By Laura Ieraci Catholic News Service
VATICAN CITY (CNS) — Everyone would do well to reflect on their “final farewell” from earthly life and on whether they are prepared to entrust themselves and all they will leave behind to God, said Pope Francis.
During a morning Mass at the Domus Sanctae Marthae May 19, the pope reflected on the day’s readings in which Jesus, after speaking to his disciples of his imminent departure for the Father, prays “the hour has come” (Jn 17:1-11a), and in which St. Paul gathers with the elders of Ephesus before leaving for Jerusalem (Acts 20:17-27).
Every life involves many leave-takings, both great and small, the pope said, and some involve “many tears” and “much suffering.”
Drawing on current events, the pope recalled the “poor Rohingya of Myanmar” — an estimated 8,000 members of the mostly Muslim ethnic group have been adrift at sea, refused asylum by several countries — as well as the Christians and Yezidis who are being persecuted in Iraq.
“When leaving their homeland to escape persecution, they did not know what would happen to them,” the pope said, speaking of the Rohingya people. After having been on a boat for months, “they arrive in a city where they are given water, food, and are told, ‘Go away’. It is a leave-taking,” the pope said.
“Incidentally, today there is great existential leave-taking,” he continued. “Think of the departure of the Christians and of the Yezidis, who think they will never return to their land because they have been forced from their homes.”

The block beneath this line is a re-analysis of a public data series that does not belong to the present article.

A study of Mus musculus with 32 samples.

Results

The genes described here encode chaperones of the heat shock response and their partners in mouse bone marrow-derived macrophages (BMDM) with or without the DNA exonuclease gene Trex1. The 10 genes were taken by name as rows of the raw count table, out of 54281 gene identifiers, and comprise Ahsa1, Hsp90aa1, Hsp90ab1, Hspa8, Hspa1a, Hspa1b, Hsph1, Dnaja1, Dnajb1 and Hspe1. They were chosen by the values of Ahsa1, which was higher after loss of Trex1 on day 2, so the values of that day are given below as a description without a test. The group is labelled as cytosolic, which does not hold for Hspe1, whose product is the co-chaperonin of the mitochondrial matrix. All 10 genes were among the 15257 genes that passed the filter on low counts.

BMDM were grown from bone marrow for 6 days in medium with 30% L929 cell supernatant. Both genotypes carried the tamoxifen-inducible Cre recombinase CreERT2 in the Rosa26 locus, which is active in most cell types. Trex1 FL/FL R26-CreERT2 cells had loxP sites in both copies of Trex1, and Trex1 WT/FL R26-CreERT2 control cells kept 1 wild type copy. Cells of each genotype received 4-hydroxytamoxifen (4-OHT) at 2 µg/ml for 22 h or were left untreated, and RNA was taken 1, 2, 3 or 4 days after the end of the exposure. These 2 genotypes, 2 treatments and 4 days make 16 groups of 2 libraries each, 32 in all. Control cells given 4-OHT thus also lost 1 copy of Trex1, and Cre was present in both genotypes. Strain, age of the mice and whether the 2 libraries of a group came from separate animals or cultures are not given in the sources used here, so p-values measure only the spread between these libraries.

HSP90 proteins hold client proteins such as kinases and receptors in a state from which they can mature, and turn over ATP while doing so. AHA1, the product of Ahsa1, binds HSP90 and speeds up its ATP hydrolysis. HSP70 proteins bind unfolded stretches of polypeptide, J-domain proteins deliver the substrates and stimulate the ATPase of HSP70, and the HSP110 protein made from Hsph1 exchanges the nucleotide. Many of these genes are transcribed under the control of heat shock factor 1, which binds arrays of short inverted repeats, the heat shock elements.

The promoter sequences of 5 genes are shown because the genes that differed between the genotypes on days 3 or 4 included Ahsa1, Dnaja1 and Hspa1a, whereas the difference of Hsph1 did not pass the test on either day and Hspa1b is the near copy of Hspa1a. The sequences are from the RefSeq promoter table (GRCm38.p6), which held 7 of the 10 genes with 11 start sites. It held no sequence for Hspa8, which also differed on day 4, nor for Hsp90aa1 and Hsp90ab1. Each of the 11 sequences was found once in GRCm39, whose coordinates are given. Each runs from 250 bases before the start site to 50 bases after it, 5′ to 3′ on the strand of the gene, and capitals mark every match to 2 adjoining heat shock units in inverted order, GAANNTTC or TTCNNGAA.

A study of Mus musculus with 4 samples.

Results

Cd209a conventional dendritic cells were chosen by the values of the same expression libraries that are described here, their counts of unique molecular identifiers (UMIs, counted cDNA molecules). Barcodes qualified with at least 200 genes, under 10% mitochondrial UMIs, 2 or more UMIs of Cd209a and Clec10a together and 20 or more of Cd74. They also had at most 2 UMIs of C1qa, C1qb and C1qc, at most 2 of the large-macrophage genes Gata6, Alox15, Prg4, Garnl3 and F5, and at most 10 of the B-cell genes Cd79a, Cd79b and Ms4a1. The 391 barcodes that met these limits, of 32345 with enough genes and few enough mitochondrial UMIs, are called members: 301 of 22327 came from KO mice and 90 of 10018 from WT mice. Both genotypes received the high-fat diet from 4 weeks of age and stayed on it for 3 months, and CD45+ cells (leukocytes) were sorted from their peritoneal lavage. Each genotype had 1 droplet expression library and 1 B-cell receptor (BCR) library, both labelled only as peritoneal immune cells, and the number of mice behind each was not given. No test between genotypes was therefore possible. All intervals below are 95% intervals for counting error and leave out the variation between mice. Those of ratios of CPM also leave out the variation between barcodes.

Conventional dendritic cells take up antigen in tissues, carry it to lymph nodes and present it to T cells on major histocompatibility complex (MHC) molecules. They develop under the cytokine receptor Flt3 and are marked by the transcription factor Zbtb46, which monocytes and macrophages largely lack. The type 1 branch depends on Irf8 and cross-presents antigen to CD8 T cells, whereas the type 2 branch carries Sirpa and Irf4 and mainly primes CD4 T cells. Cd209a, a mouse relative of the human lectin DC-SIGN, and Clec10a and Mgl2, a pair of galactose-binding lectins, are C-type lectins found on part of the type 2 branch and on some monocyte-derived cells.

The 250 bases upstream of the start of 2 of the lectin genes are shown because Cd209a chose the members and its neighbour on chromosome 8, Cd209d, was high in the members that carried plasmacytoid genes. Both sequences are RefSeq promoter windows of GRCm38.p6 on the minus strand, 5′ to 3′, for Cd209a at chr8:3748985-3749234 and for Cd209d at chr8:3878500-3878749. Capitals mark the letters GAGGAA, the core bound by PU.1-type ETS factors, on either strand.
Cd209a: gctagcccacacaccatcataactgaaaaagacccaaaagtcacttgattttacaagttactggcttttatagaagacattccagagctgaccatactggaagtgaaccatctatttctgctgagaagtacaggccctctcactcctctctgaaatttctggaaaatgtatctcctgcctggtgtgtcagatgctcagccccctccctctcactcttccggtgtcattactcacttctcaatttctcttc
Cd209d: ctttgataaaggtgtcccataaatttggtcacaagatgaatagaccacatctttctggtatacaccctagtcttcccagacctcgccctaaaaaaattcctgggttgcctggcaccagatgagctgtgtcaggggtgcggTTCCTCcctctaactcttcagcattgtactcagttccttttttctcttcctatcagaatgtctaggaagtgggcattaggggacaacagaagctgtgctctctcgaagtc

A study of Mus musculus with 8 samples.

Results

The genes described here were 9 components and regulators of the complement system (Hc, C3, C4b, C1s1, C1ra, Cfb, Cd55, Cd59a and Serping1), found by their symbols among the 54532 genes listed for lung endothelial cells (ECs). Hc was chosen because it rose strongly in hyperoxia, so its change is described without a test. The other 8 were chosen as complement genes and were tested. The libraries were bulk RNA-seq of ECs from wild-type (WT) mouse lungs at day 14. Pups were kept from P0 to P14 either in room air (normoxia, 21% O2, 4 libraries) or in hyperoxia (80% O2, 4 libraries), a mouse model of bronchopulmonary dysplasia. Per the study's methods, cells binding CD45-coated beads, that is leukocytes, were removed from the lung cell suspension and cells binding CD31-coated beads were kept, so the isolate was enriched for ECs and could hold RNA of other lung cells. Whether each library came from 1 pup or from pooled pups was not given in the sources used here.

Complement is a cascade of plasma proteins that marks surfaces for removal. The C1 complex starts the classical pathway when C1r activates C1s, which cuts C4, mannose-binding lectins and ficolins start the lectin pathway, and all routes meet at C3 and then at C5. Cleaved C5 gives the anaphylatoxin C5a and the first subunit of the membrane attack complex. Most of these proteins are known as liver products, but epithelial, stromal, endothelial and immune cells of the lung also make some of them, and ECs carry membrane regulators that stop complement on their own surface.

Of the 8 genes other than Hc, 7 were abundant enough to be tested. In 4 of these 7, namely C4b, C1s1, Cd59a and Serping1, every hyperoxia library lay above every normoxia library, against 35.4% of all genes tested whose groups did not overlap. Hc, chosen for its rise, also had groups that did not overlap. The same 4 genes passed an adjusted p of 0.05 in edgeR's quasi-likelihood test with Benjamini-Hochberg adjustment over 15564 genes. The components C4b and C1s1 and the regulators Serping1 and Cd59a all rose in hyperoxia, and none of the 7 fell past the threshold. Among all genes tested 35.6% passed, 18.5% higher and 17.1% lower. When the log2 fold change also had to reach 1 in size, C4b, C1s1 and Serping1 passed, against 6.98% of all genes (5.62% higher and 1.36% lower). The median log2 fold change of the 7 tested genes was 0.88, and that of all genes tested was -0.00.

The pope then spoke of the “final leave-taking, which everyone will face, when the Lord calls us to the other side.”
The great leave-takings in life, including the final farewell, “are not departures of the type ‘see you soon,’ ‘later’ or ‘until we meet again,’ when a person knows he or she will return,” he said. “They are departures where we do not know when and how we will return.”
The theme of leave-taking is also present in art, he continued, recalling a song of the Italian Alpine corps about a captain saying farewell to his troops.
“Do I think of my final farewell, of the moment when I must say not ‘see you soon,’ ‘later,’ ‘until we meet again,’ but ‘farewell,'” the pope asked.
The day’s Scripture readings speak of farewell, he said, and of Paul and Jesus entrusting their disciples to God’s care.
“To entrust to the Father, to entrust to God: this is the origin of the word ‘adieu,'” he said. “We say ‘adieu’ only in the great leave-takings in life, whether in life or the final one.”
The pope encouraged meditation on Jesus and Paul’s farewells in the day’s readings and reflection on one’s own eventual final farewell.
“It will do us good,” he added. “Who will be the person who will close my eyes? What am I leaving behind? What did I do?
“It would do me well to imagine myself in that moment. When it will be, no one knows, but the moment will come when ‘later,’ ‘see you soon,’ ‘see you tomorrow,’ ‘until we meet again’ will become ‘farewell,'” he said.
“Am I prepared to entrust my loved ones to God? To entrust myself to God?” he continued.
He concluded invoking the risen Christ to send the Holy Spirit, so that “we may learn” to say the final adieu “with full strength.”